Stories about Breaking News from June, 2013
Egyptians marked the first anniversary of Mohamed Morsi's presidency with huge rallies across Egypt on June 30, calling for him to leave office. Anti-Morsi campaign Tamarrod, whose name translates to rebel, says it has so far gathered more than 22 million signatures from citizens, which call for early presidential elections.
Fang Binxing, an information security expert nicknamed the “father of China’s Great Fire Wall”, has resigned as president of Beijing University of Posts and Telecommunications. His abrupt decision to step down--made during a university commencement speech --has ignited uproar online and touched a nerve with China’s Internet-savvy community.
Following the trend that marked protests in Brazil in the last few weeks, some 3000 people took to the streets of Paraguay's capital to make their voices heard in protest against recent parliamentary decisions.
Former Qatari ruler Shaikh Hamad bin Khalifa Al Thani handed power today to his fourth son, Shaikh Tamim. Doha News maintains a live blog here to cover the story.
The annual dog meat festival in China’s southwestern city of Yulin in Guangxi province is a summer tradition for many. But this year the festival was met with outcry online and calls for a boycott.
Abdulkareem al-Khadar, founding member of the Kingdom's defiant leading human rights organisation, the Saudi Civil and Political Rights Association (ACPRA), was sentenced to eight years in prison for inciting public opinion and establishing an unlicensed human rights organization, among other charges.
The death of a baby girl has people in Bosnia-Herzegovina crossing the country's deep ethnic divides by the thousands to protest together against the government's failure to remedy a lapse in the law that is preventing newborns from being given an identity number and, by extension, travel papers and healthcare.
On Registan.net Noah Tucker reports that the 71-year-old father of an Uzbek opposition politician has disappeared in police custody in Uzbekistan. The authorities intimidate the elderly man (as well as scores of his relatives) apparently because his son founded an opposition party that had been quite successful in mobilizing supporters...
Czech Prime Minister Petr Nečas steps down after his Chief of Staff and mistress, Jana Nagyova, is arrested on charges of bribery and corruption.
As the international Confederation Cup football tournament played on in Brazil, massive protests against rising bus fares spread throughout the country.
The European Parliament has awarded its European Citizen's prize to the Mortgage Victims Platform, a Spanish grassroots organization that helps those affected by the housing crisis and champions legal reforms of mortgage lending practices. The ruling party had harsh words for the award, while netizens were strongly in favour.
Police are responding with teargas and violence as protesters crusade against the increase in public transportation fares during the fourth consecutive day of protests in Sao Paulo. The demonstrations are part of the Free Fare Movement that has already spread to other major cities throughout Brazil.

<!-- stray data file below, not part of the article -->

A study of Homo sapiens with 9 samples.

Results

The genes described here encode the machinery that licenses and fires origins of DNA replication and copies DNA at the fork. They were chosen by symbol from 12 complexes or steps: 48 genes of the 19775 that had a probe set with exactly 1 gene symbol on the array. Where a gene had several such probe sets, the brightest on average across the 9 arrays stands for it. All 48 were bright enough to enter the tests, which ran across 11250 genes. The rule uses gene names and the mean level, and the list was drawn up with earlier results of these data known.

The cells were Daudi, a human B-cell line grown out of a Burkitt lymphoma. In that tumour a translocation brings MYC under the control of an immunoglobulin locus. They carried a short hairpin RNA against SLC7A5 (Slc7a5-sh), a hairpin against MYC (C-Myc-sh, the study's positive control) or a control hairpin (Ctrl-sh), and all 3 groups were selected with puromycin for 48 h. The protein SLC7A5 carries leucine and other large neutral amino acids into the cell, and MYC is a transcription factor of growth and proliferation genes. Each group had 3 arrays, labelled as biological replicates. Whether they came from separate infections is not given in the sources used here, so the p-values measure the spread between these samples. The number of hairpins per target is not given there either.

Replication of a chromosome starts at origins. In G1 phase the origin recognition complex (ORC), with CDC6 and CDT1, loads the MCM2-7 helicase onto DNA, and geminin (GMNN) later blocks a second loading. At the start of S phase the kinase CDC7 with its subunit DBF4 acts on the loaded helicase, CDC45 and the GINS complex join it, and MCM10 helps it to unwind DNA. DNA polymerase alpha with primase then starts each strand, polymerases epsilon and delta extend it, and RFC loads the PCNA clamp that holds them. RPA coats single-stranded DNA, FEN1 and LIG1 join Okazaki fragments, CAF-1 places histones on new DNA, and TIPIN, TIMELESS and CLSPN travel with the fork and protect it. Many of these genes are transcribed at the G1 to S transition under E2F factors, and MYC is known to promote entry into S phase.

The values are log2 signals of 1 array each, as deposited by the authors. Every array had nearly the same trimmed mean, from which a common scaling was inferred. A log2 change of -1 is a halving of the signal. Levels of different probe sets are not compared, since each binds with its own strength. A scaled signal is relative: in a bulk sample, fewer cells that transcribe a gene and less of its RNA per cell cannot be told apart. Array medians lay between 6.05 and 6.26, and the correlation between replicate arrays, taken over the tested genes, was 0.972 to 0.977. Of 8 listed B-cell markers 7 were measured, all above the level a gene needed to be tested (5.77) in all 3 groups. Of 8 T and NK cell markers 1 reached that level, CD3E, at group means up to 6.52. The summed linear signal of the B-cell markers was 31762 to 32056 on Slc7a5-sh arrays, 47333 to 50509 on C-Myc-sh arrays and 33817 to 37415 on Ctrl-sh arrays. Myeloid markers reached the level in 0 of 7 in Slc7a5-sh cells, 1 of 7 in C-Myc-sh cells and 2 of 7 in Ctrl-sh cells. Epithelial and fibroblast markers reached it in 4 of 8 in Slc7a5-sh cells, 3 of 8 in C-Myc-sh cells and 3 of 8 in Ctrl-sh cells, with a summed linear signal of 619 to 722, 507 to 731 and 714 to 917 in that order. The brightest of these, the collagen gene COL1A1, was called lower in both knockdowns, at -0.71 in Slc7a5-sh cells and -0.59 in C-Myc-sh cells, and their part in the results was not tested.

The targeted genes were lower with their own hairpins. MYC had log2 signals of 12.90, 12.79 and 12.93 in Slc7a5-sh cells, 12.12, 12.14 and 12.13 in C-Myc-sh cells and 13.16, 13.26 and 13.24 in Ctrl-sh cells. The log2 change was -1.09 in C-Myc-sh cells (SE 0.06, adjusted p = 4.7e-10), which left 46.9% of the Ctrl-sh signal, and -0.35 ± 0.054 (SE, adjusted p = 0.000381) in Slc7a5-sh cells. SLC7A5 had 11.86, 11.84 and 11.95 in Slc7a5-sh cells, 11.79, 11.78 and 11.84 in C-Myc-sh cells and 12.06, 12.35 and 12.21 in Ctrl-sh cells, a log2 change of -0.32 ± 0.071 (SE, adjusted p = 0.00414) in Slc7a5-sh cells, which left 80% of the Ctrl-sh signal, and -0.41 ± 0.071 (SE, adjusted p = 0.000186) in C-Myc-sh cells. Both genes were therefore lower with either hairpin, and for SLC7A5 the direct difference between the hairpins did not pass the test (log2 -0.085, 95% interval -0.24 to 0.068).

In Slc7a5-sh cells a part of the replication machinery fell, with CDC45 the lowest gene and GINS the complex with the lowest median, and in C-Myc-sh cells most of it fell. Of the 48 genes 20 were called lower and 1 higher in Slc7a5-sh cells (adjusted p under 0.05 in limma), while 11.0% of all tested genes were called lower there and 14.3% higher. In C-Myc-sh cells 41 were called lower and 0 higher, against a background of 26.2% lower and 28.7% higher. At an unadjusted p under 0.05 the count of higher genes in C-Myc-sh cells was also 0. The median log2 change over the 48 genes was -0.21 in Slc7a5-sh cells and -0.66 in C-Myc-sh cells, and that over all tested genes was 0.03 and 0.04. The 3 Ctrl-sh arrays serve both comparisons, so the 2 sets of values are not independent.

America’s controversial Stop Online Piracy Act is back—and it’s poised to become law in a matter of weeks. SOPA, however, isn’t coming to the US, where a wide coalition defeated the legislation in January 2012. A law that creates similarly harsh penalties for online copyright violations is on the cusp of finding a home in Russia.
Cuba opened 118 public centers with Internet access on the island. Called Nauta, the service can be requested in any Cuban State Telecommunications (ETESCA) commercial unit that has partnered with the program.
It looks like Pavel Durov can finally return to Russia without a prison sentence threatening from overhead. That seems to be the case, now that Petersburg detectives have closed their inquiry into Durov's alleged involvement in an April 5 traffic accident that forced "Russia's Zuckerberg" to flee the country two months ago.
Amical Wikimedia, the association that promotes Viquipedia, the Catalan Wikipedia, has got a chapter of its own within the international structure of the Wikimedia Foundation. This recognition comes after a five-year-long discussion to be recognized as representative of a unique language and culture, as previous criteria required chapters to represent...
A three-person TV crew from Russia 24 standing in an empty Kremlin hallway, the black-suited reporter with her arms awkwardly crossed—that was the initial audience to Vladimir Putin’s announcement today, that he and his wife Lyudmila have split.
As Japan's football fans celebrate qualifying for the 2014 FIFA World Cup, a police officer came under spotlight for his persuasive microphone performance in marshaling a large crowd of supporters gathered in Shibuya on the night of June 4th, 2013.
On April 10, a hashtag on Turkey's Twitter proclaimed, #ayagakalk ("stand up"). This came from a small group of activists trying to preserve the standing park, Gezi Park in Taksim Square, against plans to build a mall on the area. Nobody expected to this little incident to turn into biggest protest in the country’s republican history
A group of unknown assailants is killing police officers in Rostov. Authorities have linked the same stolen weapons to the slayings of 5 officers, in attacks that resemble a wave of cop-killings from 2008 and 2009 that claimed 12 lives. The criminals’ tactics have led many to compare them to the infamous Primorsky Partisans, a self-declared "guerilla group" that terrorized the police of Russia’s Far East in early 2010.
A week-long wave of regional unrest, ostensibly due to disagreements over the fate of a key gold mine, has sent Kyrgyzstan into a state of disorder that looks all too familiar for citizens of the republic.